The journalist in me is a little embarrassed to admit that my first reaction upon hearing of the Margaret B. Jones Love and Consequences scandal last week was neither shock, nor surprise, nor, believe it or not, schadenfreude. No. My first reaction upon reading about the entirely fabricated story that was passed off as truth was defensive, as in: Oh, no. Now they're going to come after our beloved publishing business! Doesn't the public get it yet? We can't afford fact-checkers!
But pretty quickly my defenses started to ring hollow—even to me. I'd heard them before, and said them before, too many times. Yes, the Jones/Seltzer hoax was worse, in my opinion, than that perpetrated by James Frey, less a hoaxter than a guy who told a fish story that grew too big to bring home. And, yes, I still believe that it is reasonable to extend to memoirists a greater latitude in their storytelling than we give to bona fide journalists. And yes, even fulltime fact-checking or even threatened legal action (see p. 4) may not deter hell-bent hoaxters.
But I also think it's time we, as an industry, checked on another set of facts: that there are a lot of potential liars looking for book deals, that the reality show—obsessed public has upped the ante for more and more outrageous “real stories” that we may be all too anxious to provide and, not incidentally, that we're losing credibility with our audience with every scandal.
In the Jones case, there's plenty of blame to go around. First, there's the author, a woman calculating enough to invent false documentation and personages, but naïve enough to let herself be photographed for the New York Times. (She gives credence to the old saw about how criminals actually want to get caught.) Then there's her agent, Faye Bender, who supposedly met some of Jones's “foster family,” but has said next to nothing about her client and the project. And then, of course, her editor and publisher, Sarah McGrath and Geoff Kloske, who behaved admirably after the fact by immediately withdrawing the book, but who might have done well to have asked a few questions beforehand. For starters: while it's not uncommon these days for authors and editors to communicate entirely electronically, you'd think that with a story this personal and explosive, there might have been some good old-fashioned eye-to-eye contact. That, and maybe a couple of phone calls to, say, the university Jones says she attended or the “foundation” for which she built a Web site.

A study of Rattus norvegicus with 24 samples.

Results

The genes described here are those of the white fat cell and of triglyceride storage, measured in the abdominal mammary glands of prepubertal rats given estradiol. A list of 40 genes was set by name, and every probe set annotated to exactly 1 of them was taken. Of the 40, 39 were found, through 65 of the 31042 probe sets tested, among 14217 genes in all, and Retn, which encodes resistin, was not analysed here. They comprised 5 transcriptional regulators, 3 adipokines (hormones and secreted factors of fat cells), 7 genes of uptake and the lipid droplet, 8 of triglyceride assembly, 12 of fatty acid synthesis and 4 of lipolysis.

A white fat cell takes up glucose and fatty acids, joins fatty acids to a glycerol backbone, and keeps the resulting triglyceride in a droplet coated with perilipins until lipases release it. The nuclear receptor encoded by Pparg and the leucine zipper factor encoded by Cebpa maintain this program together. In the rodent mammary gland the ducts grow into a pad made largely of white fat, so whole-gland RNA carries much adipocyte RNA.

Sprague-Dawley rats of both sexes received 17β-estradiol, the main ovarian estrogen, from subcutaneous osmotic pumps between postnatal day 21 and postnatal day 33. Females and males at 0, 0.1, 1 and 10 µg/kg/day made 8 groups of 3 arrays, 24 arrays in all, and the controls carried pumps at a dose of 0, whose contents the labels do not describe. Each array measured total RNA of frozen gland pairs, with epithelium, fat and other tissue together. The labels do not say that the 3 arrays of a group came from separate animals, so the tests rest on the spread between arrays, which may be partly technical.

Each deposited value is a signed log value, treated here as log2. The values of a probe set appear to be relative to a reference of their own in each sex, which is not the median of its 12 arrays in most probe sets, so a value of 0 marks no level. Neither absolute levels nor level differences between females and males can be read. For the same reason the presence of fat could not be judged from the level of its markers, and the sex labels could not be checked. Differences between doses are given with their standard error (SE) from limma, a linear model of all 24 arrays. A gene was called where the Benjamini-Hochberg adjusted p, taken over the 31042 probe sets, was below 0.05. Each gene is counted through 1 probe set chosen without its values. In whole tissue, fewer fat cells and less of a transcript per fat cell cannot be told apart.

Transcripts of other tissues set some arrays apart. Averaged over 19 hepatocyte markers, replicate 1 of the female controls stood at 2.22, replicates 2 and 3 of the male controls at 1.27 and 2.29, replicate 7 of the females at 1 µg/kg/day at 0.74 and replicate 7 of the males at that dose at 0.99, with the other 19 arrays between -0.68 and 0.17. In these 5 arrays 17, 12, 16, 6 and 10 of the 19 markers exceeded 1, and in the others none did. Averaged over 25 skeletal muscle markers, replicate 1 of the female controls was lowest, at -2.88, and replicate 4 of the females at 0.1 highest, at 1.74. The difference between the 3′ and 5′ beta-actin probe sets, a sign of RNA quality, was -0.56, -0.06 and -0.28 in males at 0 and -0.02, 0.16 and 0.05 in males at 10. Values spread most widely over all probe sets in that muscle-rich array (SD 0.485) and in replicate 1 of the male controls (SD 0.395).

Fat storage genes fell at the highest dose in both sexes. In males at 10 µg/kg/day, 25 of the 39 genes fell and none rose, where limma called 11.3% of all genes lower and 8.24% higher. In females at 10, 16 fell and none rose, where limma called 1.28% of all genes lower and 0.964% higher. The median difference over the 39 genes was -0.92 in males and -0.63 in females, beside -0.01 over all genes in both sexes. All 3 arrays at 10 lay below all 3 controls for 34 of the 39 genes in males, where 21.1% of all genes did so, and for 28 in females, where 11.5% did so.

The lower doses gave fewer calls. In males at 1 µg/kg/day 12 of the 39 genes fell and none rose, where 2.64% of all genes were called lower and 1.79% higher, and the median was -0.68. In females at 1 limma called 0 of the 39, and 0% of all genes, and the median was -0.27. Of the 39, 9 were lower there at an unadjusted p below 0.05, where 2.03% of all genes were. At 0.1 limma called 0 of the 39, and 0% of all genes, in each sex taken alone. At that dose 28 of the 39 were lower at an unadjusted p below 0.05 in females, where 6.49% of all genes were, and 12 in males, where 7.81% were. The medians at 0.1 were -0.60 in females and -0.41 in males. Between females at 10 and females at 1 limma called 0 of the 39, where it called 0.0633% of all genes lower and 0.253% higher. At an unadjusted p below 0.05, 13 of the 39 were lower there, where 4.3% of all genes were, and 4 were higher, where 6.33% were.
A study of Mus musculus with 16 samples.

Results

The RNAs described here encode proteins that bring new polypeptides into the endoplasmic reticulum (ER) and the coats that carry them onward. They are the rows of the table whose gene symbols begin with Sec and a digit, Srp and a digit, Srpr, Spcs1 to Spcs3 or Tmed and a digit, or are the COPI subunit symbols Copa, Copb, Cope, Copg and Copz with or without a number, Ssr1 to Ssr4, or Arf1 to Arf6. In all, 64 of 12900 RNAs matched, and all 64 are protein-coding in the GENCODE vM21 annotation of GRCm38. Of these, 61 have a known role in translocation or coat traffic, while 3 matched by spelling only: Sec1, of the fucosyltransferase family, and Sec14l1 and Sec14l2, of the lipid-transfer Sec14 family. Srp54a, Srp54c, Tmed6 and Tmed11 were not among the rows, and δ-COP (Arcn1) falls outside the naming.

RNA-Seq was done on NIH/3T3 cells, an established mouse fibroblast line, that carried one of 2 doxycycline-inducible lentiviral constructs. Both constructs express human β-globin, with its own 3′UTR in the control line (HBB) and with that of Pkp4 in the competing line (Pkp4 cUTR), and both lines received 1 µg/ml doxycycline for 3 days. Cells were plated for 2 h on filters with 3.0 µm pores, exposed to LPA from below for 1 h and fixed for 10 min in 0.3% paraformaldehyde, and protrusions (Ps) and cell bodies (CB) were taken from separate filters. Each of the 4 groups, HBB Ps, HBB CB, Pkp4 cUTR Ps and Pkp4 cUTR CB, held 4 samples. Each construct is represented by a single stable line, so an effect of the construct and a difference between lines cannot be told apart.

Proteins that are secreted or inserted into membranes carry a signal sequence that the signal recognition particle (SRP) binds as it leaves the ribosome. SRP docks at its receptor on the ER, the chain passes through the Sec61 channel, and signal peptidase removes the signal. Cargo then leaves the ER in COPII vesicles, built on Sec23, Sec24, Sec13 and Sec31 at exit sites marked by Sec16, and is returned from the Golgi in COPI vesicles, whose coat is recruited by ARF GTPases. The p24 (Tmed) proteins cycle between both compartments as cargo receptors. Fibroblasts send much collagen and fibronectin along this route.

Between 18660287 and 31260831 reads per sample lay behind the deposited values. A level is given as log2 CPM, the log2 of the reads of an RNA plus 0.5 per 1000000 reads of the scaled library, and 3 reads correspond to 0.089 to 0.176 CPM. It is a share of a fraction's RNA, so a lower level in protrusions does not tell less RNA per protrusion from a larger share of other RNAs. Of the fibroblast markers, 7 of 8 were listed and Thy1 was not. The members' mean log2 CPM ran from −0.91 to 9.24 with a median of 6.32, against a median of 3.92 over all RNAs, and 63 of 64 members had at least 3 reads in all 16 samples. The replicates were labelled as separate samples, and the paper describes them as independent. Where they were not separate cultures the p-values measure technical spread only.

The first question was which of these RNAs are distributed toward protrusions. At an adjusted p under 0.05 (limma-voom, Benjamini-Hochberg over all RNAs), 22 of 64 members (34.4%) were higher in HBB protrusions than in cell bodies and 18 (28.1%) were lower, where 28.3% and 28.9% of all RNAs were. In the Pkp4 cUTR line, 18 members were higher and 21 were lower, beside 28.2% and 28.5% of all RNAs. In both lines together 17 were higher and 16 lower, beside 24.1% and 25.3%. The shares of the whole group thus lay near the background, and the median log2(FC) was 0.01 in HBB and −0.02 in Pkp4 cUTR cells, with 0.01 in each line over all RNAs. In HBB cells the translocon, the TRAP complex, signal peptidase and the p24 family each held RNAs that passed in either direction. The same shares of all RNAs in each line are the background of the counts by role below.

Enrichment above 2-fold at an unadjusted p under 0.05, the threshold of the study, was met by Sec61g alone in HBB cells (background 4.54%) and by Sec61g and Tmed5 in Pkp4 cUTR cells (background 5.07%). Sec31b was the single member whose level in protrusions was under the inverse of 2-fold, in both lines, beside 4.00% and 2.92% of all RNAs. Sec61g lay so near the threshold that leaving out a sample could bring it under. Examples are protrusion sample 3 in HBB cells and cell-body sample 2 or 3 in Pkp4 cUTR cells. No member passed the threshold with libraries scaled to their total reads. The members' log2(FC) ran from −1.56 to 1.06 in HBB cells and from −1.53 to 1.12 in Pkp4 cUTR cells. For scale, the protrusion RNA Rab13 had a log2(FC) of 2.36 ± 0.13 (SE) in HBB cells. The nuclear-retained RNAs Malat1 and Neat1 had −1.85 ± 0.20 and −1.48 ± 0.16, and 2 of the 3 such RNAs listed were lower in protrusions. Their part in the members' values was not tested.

But publishing remains its old credulous self, falling back on bromides about “trusting the author” and “the smell test,” and the argument that being more inquisitive would be too expensive. And while it's true that these disasters are only a small fraction of the good, well-researched memoirs we publish every year, they have a lasting and perhaps cumulative impact. In these post-Frey, Google-able times, being more, not less, skeptical is not only the right thing to do, it's the expedient thing: you can bet that a mistake or misrepresentation is going to be discovered, sooner or later—so why not protect yourself in advance from the inevitable pillorying? I think we can all agree that the one thing the book business doesn't need right now is less faith from readers.